There’s more to the House floor than meets the eye

The House of Representatives' rostrum has been the site of brawls, debates and sit-ins. (U.S. House of Representatives)

You’d think that the Chamber’s royal blue carpets festooned with golden wreaths and red and gold accents are overseen by the Architect of the Capitol, who is responsible for running and preserving the 17.4 million square feet of buildings and government land associated with Capitol Hill in Washington, D.C. The office of the AOC has around 2,300 employees and includes everyone from historical preservationists to masons, electricians and mechanics. But the maintenance of the gorgeous House facilities falls to the similarly acronymed Office of the Chief Administrative Officer (CAO), which oversees all administrative functions for the House of Representatives.

Workers install new carpet in the House rostrum in the 1930s. (U.S. House of Representatives)

It takes a huge brigade of carpet cleaners and maintainers to make sure that the floors of the House are fit for the activities that happen within, and carpets are regularly renovated and restored throughout the complex. To put it in context, in 2014 the CAO received 1,677 maintenance requests and paid nearly 70,000 invoices to vendors. That’s a lot of carpet (and vacuum bags, and brooms, and cleaning supplies).

The House hasn’t always had brightly patterned carpet. Past remodels, for example, featured sedate and plain carpet. But changing times—and technologies—have affected the carpets, too. In 1999, Stacy Zolt reported for an archival Roll Call story that the wiring beneath the House floor would be updated for modern times, and that era’s iteration of the carpet (blue-patterned by that point) was updated to a brighter, more TV-friendly color. In 2013, the CAO took over the massive work of cleaning the Capitol’s carpets itself—to the tune of a $200,000 annual savings. And in 2014, the House floor was given a brand-new carpet that was installed by Logistics and Support staff over the Easter recess. (Want a look? Click here for a virtual tour of the Chamber.)

Carpet may seem dull, but its history turns out to be anything but. In fact, how Congress treats its carpets can tell you something about the political climate that’s afoot. The perfect (if somewhat repulsive) example is the popularity of chewing tobacco among Congress members through the turn of the 20th century. Spittoons were available all over the House, often serving as weapons but also providing plenty of opportunities to aim at—and miss—the spit receptacle.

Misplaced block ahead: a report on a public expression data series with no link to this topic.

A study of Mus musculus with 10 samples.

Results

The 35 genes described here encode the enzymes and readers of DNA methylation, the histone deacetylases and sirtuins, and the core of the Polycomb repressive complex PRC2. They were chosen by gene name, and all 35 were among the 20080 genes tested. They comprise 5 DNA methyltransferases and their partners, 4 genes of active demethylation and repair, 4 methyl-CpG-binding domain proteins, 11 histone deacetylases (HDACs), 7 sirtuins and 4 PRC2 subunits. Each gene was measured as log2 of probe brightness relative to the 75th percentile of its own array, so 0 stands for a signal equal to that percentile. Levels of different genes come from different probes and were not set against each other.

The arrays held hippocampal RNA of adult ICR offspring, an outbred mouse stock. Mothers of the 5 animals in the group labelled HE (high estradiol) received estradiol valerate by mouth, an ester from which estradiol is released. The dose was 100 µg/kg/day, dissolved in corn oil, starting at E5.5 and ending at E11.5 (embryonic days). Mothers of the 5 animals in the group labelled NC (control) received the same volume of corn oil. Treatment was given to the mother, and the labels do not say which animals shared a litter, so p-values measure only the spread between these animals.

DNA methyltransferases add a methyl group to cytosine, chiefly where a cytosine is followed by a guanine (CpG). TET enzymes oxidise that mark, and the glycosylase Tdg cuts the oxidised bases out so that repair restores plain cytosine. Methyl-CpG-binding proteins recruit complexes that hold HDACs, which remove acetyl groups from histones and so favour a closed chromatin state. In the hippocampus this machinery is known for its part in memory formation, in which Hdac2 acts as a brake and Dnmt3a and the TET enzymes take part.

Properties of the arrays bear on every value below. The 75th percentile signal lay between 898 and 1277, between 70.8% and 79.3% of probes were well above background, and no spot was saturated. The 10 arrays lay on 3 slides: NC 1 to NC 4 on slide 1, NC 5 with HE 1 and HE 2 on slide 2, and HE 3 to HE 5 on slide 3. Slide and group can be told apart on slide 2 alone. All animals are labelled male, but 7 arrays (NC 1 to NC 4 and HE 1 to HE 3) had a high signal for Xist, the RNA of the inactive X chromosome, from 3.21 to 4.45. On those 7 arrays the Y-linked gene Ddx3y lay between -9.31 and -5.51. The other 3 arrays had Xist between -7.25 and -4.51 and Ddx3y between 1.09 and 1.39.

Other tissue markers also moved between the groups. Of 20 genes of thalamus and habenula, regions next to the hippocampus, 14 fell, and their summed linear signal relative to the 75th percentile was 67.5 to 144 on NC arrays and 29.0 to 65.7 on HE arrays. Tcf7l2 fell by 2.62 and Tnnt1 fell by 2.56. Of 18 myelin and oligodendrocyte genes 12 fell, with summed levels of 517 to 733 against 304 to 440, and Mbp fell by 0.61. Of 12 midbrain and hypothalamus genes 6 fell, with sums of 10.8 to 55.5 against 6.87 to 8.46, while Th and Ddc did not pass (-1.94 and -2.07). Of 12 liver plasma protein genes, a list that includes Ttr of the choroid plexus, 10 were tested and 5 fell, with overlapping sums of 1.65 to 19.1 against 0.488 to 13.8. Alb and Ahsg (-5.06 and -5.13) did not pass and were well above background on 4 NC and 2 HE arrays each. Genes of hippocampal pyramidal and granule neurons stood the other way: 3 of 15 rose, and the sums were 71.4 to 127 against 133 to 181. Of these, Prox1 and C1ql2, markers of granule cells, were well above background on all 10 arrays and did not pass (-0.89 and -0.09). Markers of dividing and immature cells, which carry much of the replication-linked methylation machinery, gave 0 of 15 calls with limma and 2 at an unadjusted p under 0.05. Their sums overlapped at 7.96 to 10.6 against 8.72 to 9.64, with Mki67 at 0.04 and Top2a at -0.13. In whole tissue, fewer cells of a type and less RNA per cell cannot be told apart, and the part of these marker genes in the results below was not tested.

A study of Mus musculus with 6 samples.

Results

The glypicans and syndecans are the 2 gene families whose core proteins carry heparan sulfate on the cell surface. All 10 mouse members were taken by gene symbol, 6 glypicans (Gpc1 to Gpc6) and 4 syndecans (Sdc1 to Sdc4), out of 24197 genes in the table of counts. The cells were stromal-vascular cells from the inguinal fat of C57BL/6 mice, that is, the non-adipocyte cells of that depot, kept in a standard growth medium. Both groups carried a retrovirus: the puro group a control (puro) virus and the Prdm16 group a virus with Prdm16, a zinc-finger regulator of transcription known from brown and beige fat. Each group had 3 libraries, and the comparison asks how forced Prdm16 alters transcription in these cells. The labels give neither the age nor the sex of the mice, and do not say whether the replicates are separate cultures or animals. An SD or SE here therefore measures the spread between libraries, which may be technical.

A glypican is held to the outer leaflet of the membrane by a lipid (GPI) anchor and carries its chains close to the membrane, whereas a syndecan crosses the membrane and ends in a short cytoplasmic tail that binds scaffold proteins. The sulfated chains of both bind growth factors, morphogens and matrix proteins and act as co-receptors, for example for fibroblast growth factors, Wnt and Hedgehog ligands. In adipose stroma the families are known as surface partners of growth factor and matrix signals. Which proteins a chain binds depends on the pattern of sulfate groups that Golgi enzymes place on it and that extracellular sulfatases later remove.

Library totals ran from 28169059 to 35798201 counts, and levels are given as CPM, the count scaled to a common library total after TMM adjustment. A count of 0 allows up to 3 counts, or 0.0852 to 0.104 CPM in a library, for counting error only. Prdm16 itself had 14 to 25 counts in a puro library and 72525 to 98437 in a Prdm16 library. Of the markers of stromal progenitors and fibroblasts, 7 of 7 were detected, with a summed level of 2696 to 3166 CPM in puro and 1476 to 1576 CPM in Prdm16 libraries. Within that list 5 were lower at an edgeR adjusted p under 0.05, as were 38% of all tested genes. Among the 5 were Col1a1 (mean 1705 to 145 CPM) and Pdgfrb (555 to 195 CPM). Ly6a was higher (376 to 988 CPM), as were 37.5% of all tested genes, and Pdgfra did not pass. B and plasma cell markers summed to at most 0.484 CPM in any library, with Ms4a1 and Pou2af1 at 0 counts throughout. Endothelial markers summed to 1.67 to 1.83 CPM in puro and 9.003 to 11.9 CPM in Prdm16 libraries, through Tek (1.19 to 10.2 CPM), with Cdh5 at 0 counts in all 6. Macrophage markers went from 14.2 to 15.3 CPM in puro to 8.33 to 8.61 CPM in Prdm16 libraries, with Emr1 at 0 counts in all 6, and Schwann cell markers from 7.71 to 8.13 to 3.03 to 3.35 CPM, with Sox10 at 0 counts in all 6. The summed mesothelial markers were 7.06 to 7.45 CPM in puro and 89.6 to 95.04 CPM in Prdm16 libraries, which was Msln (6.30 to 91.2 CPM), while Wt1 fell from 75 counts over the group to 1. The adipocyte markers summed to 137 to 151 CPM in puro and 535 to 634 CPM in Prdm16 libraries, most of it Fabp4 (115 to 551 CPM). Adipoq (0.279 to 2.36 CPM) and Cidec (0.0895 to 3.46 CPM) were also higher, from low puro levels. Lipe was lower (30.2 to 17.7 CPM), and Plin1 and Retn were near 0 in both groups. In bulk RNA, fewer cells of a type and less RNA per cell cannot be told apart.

As the House of Representatives blog recalls, the condition of the carpets became so gross as a result that Charles Dickens called the House “the headquarters of tobacco-tinctured saliva”…and an 1895 report on the sanitary conditions of the Capitol complained about the spittoons that “would not be tolerated in the barroom of a mining camp.” The report also characterized ventilation on the House floor as “the straining of air through shafts coated with carpet lint, and charged with the vilest of vile matter from the throats and lungs of over 400 people”, a condition the author, George Washington Shell, said posed a real problem. As he noted, "the danger to the life of those who breathe that air can not be overestimated".

Of course, the action inside the House Chamber is usually about more than decor. But the floor is the place where the drama unfolds, as when Republicans staged a 2008 sit-in over energy legislation. In 1858, more than 30 Representatives rushed the floor in what can only be categorized as a brawl—a melee that erupted over slavery in the Kansas Territory and that involved both the House mace (the silver symbol of the House’s authority) and torn-off hairpieces. Though all eyes are normally on those standing—or sitting—on the House floor, it's worth taking a moment to appreciate the carpet that cushions the politics.